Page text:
The EPA rides again

Agency swings into action, to industry's dismay

  • Dave Granlund
 

"It's time that we let the science speak for itself," said Environmental Protection Agency head Lisa Jackson in a recent statement. She was referring to her agency's finding that greenhouse gases endanger public health and therefore must be regulated under the Clean Air Act. Not surprisingly, industry and political opponents quickly  pushed back.

The National Cattlemen's Beef Association has already filed a legal challenge. Beef, pound for pound, results in four times the greenhouse emissions of pork and 10 times that of poultry, and the group says that the cost of curbing those emissions would push many ranchers out of business. Any rules should be "voted on by Congress through a democratic process, not dictated by the EPA," said Tamara Theis, the group's chief environmental counsel. The cattlemen have a point -- Jackson herself told the Washington Post

that the Obama administration wants to see greenhouse legislation come from Congress first, before imposing EPA regulations. Given healthcare, the war on terrorism and other brouhahas, though, the agency might well end up beating Congress to the punch.

In other, less contentious areas, the EPA is making faster progress. For the first time ever, the agency is considering drinking-water standards for 13 pharmaceuticals, including antibiotics and sex hormones, and it's surveying water treatment plants for 200 chemical and microbial contaminants. Also for the first time, the EPA is developing a "Chemicals of Concern" list that may lead to strong regulations for nasty stuff like phthalates, polybrominated diphenyl ethers and perfluorinated chemicals, including PFOA (used in nonstick cookware). The agency is also proposing new rules to curb mercury and other emissions from cement plants

Coal ash, a toxic byproduct of burning coal for energy, is on EPA's regulatory hit list as well. In the West, millions of tons of the waste have piled up around power plants in Arizona, New Mexico and other sites, leaching arsenic, lead and sulfates into groundwater and rivers. Despite a 2000 EPA decision to regulate coal ash, no action was taken during the Bush years. Last year, after a 2008 coal-ash spill in Tennessee damaged homes and created lingering health problems, the agency set a December deadline for new rules. It promises they'll be complete within a few months.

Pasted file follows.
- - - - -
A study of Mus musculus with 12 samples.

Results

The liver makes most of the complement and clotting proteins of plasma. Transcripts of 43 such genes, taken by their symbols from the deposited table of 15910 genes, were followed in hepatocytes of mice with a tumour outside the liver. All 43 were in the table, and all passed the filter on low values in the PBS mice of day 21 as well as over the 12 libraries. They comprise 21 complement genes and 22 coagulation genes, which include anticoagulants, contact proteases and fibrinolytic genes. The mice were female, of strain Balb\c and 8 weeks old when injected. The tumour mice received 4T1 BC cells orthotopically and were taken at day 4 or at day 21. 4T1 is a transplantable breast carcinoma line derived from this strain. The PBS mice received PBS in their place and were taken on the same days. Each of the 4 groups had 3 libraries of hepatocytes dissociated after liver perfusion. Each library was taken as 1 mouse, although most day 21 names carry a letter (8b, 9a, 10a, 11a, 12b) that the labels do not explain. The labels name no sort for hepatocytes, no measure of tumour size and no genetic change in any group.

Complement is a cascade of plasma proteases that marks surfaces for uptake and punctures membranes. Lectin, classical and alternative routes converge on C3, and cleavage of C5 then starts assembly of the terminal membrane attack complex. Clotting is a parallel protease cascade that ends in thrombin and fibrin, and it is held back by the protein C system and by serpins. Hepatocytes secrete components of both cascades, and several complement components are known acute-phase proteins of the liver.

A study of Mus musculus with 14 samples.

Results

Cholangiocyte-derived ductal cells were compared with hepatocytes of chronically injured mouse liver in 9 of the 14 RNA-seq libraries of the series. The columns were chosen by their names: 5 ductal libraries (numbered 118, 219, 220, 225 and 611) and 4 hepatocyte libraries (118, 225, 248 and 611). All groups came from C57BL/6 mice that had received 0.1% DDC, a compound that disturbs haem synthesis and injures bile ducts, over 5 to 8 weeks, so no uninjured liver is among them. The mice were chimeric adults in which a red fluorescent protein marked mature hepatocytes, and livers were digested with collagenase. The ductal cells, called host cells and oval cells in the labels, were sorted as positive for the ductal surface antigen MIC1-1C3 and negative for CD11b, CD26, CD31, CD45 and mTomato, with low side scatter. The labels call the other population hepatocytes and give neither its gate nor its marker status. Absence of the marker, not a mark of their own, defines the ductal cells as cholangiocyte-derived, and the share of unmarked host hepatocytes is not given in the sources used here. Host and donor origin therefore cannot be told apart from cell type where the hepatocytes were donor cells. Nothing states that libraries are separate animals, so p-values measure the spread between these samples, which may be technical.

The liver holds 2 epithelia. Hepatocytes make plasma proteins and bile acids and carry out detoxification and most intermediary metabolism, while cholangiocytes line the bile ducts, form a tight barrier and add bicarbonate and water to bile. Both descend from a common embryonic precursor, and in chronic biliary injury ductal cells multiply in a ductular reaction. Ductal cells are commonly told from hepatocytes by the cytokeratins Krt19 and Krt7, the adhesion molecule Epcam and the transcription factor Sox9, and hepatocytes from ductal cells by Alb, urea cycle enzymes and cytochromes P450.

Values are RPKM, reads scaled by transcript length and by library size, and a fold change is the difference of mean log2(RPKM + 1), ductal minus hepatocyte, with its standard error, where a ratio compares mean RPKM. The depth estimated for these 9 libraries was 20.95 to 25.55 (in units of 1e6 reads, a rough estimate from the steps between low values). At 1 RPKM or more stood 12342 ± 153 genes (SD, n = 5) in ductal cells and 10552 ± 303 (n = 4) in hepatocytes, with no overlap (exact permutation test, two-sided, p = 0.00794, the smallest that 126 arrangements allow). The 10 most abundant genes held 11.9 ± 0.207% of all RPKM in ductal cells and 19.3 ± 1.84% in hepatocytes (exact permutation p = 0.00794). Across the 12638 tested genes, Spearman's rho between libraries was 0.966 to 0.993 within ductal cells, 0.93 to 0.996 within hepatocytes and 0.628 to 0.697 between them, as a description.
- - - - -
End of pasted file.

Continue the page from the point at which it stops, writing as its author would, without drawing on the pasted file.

The EPA has been active at the state level as well:

  • The Region 8 office recently objected to Wyoming's plan to issue groundwater discharge permits for coalbed methane operations in the Powder River Basin. The EPA says the state's plans to handle coalbed methane water don't appear to comply with the Clean Water Act or sufficiently protect agricultural water.
  • Region 8 also recently rejected Utah's request for certification indicating that it meets the Clean Air Act's limits for microscopic soot and dust pollution, which comes mostly from development and transportation sources. The agency says that the state's periodic dust storms cause its air to violate federal standards, and that more should be done to avoid them; the state says they're natural events that can't be controlled.
  • In New Mexico, the Region 9 office withdrew a water discharge permit for the Black Mesa Mine in late November, after Navajo, Hopi and environmental groups appealed. The groups said that Peabody Coal's operations contaminate groundwater with heavy metals and pollutants, and that local communities were shut out of the 2008 permit decision. The EPA plans to hold public hearings and reconsider the permit.

Green groups say they're pleased with the EPA's 2009 efforts. Industry counters that the new proposals go too far and that compliance will cost too much. "I don't think I've ever seen this many major proposals coming out this quickly," said Washington attorney Jeffrey R. Holmstead in the Washington Post. (Holmstead, the EPA assistant administrator for air quality under Bush, was named "clean air villain" of the month in March 2002 by the Clean Air Trust for his efforts to weaken air pollution laws.)

The agency seems unlikely to deviate from its new course, though. As Lisa Jackson said in an October NPR interview, "EPA is back on the job."